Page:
Original story published on Hawaiʻi News Now on June 20, 2022 by Samie Solina, click here to read.
HONOLULU (HawaiiNewsNow) – For the first time, there are no girls incarcerated at the Hawaii Youth Correctional Facility — the product of a years-long effort to “divert” kids away from juvenile corrections and into community programs and toward mental health supports.
The last girl to be incarcerated left two weeks ago.
Officials said the decline in girls incarcerated in the Kailua facility dropped 42% from 2018 to 2022.
At the same time, fewer kids overall are at the detention center. HYCF and Kawailoa Youth and Family Wellness Center Administrator Mark Patterson said back in 2014 — before significant reform — there were well over 100 youth incarcerated at the facility. Today, there are about 15.
He added that girls, especially, were coming to HYCF with “the most severe trauma.
“What is needed to keep them out of the punitive model,” he said.
Patterson says the success was made possibly thanks to collaboration with other groups, support from the state Legislature, and important changes such as the decriminalization of prostitution for minors.
“We’re trying to create a continuity of trauma-informed care throughout our programs to meet each child at the level that they’re at in dealing with these issues,” Patterson said.
“So that there’s support for them in order to create meaningful off-ramps or out of the system exits.”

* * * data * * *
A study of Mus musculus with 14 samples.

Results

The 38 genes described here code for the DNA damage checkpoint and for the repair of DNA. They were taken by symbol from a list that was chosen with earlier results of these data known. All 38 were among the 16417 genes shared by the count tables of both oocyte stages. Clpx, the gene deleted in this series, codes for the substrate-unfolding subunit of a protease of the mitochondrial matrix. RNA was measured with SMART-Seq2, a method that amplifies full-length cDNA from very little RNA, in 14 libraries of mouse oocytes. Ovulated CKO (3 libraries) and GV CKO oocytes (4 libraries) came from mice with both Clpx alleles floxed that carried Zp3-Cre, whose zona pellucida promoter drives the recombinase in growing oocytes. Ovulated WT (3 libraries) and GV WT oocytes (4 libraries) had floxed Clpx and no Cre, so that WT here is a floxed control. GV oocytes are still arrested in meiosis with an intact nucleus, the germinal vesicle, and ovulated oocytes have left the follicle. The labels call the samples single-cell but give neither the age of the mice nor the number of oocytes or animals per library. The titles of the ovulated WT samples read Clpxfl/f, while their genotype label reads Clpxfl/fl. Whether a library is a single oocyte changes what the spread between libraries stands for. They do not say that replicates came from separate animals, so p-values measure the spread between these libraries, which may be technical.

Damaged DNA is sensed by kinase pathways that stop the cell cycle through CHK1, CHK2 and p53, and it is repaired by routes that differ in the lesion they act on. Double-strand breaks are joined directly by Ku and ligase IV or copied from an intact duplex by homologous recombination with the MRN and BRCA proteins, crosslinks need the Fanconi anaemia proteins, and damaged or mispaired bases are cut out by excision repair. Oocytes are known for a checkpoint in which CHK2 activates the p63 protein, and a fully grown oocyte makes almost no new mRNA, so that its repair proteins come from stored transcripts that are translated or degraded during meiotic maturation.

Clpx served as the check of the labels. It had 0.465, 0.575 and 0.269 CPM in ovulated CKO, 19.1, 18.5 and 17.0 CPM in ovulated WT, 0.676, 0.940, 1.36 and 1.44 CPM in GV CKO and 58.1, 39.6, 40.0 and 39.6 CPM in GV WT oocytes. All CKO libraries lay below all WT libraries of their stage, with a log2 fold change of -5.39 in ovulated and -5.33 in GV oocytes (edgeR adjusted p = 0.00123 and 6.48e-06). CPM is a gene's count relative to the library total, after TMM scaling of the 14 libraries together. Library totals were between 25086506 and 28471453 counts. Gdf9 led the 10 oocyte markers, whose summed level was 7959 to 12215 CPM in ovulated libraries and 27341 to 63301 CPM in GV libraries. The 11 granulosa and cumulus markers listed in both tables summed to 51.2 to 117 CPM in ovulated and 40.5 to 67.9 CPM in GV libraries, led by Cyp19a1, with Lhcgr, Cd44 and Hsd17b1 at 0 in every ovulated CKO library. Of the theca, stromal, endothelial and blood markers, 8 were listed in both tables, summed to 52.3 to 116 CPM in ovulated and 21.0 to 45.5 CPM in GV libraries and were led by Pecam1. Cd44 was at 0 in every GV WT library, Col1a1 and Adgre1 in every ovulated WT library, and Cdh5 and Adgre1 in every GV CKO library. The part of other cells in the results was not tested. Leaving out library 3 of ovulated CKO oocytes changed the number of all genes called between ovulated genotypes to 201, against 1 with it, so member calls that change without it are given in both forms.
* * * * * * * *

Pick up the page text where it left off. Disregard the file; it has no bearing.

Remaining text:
Patterson said efforts to reform the juvenile system in Hawaii gained momentum nearly a decade ago.
In 2018, the facility teamed up with the Vera Institute, a nonprofit working toward criminal justice reform. They started an assessment to find out who was ending up in facilities.
“The biggest takeaway was that overwhelmingly, the girls who were coming into Hawaii’s U.S. legal system are coming in on really low-level charges,” said Hannah Green, a program manager for the Vera Institute of Justice’s Initiative to End Girls’ Incarceration.
“It’s concerning for their safety, not public safety, that tends to be driving decisions to confine them.”
Green agrees with Patterson that getting to youth and identifying patterns early is key.
According to Kawailoa, most children who end up at HYCF have “experienced trauma in their homes due to poverty, houselessness, abuse, and victimization, as well as drug addiction and mental health issues.”
“It’s about how can systems collaborate and work together to position interventions earlier, and to make sure that we’re responding with healing and support instead of punishment,” said Green.
Shawn Kanaʻiaupuni, president and CEO of Partners in Development Foundation, oversees programs to help at-risk youth. Her organization works with Opportunity Youth Action Hawaii Hui to focus on causes that make children susceptible to justice entanglement.
“This news is a good sign in that we are moving in the right direction,” said Kanaʻiaupuni.
“Research has shown that locking up youth in prison cells produces more re-offenses and a higher likelihood of ending up in adult prisons.”
They point out that incarceration is just part of the system and more work needs to be done.